How Secure is Telegram?
So, you’ve made the switch from WhatsApp after learning about its security leaks and holes. But if you’re now using Telegram as your pro-privacy messaging app, it’s worth knowing that it’s not superior in terms of security, it’s just… different.
Millions of users have jumped ship from WhatsApp in favour of its rival Telegram following the rude shock of learning that their data was being shared with Facebook.
But it turns out that Telegram isn’t as watertight as one would hope either. Looking at other messaging apps, it’s important to see what their default security actually does.
WhatsApp and Signal use end-to-end encryption – only the sender and receiver can see message content – on all their chats and calls by default.
Seeing as this is the attraction of using such apps, you’d think that Telegram would follow suit. It doesn’t. It only offers end-to-end encryption in Secret Chats, and voice and video calls.
Since WhatsApp activated end-to-end encryption as its default for more than a billion users in 2016, the use of this technology has boomed as people become savvier about protecting their privacy. End-to-end encryption is now a basic expectation of messaging apps.
When content is sent using Telegram, there are two types of encryption that it uses – cloud-based and end-to-end. Groups, channels and one-on-one chats use its ‘cloud’ encryption. It’s only when two individuals opt to use the ‘Secret Chat’ feature that end-to-end encryption happens.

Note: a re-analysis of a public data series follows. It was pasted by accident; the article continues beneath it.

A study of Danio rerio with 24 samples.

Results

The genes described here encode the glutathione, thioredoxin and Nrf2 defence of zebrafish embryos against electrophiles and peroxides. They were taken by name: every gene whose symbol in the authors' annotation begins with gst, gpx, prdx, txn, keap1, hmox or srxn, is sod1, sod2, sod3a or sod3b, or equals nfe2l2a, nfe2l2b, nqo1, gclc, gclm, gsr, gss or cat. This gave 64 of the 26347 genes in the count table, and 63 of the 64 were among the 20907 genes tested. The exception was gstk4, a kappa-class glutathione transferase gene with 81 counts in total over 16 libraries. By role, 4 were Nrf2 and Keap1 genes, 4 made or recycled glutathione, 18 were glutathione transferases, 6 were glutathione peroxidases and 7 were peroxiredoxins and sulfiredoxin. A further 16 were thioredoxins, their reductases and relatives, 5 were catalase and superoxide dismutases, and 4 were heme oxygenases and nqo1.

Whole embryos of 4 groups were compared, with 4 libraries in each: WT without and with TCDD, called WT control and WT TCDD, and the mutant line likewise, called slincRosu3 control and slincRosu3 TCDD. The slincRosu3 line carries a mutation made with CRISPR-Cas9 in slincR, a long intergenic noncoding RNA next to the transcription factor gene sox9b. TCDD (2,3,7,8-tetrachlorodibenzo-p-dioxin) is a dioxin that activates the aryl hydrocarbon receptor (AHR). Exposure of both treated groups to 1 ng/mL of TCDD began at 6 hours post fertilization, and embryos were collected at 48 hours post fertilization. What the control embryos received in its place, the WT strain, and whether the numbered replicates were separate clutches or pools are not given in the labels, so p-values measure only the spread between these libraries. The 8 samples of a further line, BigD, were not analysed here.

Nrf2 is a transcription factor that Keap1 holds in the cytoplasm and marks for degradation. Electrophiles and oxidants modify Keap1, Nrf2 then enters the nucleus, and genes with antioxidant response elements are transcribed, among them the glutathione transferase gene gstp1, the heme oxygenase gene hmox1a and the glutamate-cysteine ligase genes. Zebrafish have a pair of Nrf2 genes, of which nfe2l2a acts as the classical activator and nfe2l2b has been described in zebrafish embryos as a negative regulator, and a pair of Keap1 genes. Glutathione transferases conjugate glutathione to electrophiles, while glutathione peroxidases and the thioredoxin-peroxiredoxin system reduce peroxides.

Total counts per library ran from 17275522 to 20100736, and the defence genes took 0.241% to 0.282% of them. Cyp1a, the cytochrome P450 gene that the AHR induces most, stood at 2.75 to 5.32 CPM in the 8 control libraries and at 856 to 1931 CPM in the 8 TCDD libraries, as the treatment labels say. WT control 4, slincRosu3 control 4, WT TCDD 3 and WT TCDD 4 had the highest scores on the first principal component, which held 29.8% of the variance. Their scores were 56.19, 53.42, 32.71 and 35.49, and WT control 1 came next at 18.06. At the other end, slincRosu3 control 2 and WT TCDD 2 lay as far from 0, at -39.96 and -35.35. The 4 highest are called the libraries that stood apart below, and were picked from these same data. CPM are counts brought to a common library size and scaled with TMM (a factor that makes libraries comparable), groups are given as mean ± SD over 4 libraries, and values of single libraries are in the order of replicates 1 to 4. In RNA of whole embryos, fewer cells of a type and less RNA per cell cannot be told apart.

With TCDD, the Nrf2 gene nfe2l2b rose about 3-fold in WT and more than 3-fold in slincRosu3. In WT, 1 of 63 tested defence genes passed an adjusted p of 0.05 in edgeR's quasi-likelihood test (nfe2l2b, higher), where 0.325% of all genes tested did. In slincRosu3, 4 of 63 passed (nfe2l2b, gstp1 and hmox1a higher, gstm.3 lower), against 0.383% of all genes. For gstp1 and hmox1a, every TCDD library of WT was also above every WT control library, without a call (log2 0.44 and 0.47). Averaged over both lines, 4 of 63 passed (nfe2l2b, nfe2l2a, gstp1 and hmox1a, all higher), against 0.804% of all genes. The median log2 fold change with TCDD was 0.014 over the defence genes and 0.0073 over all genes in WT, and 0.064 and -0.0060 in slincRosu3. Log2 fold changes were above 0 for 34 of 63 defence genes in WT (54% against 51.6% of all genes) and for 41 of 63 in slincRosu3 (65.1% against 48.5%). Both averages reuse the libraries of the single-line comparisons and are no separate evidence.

Using a cloud for data enables Telegram to show and sync messages across desktop and smartphone apps in real time. What it also means is that messages sent via the app are stored on its servers – and therefore are, Telegram says, “theoretically” accessible.
We know what you’re thinking: ‘It’s a messaging app for privacy! Why doesn’t Telegram use end-to-end encryption by default?’
Its founder Pavel Durov says it’s because Telegram is a “feature-rich” app. “Signal represents one feature of Telegram, which is Secret Chats,” Durov wrote on Telegram when its lack of end-to-end encryption was queried. “If you think you need a separate app for that feature only, installing it might make sense for you.”
Durov believes that users favour features over the level of privacy that end-to-end encryption offers. “The minority which doesn’t want any of that and wants to maximise security at the expense of usability is welcome to use Secret Chats on Telegram – or install any of the apps that only have Secret Chats and nothing on top,” he posted.
It’s his belief that removing features such as channels in order to facilitate default end-to-end encryption would “cripple” Telegram and that users are there for more than the secure messaging element.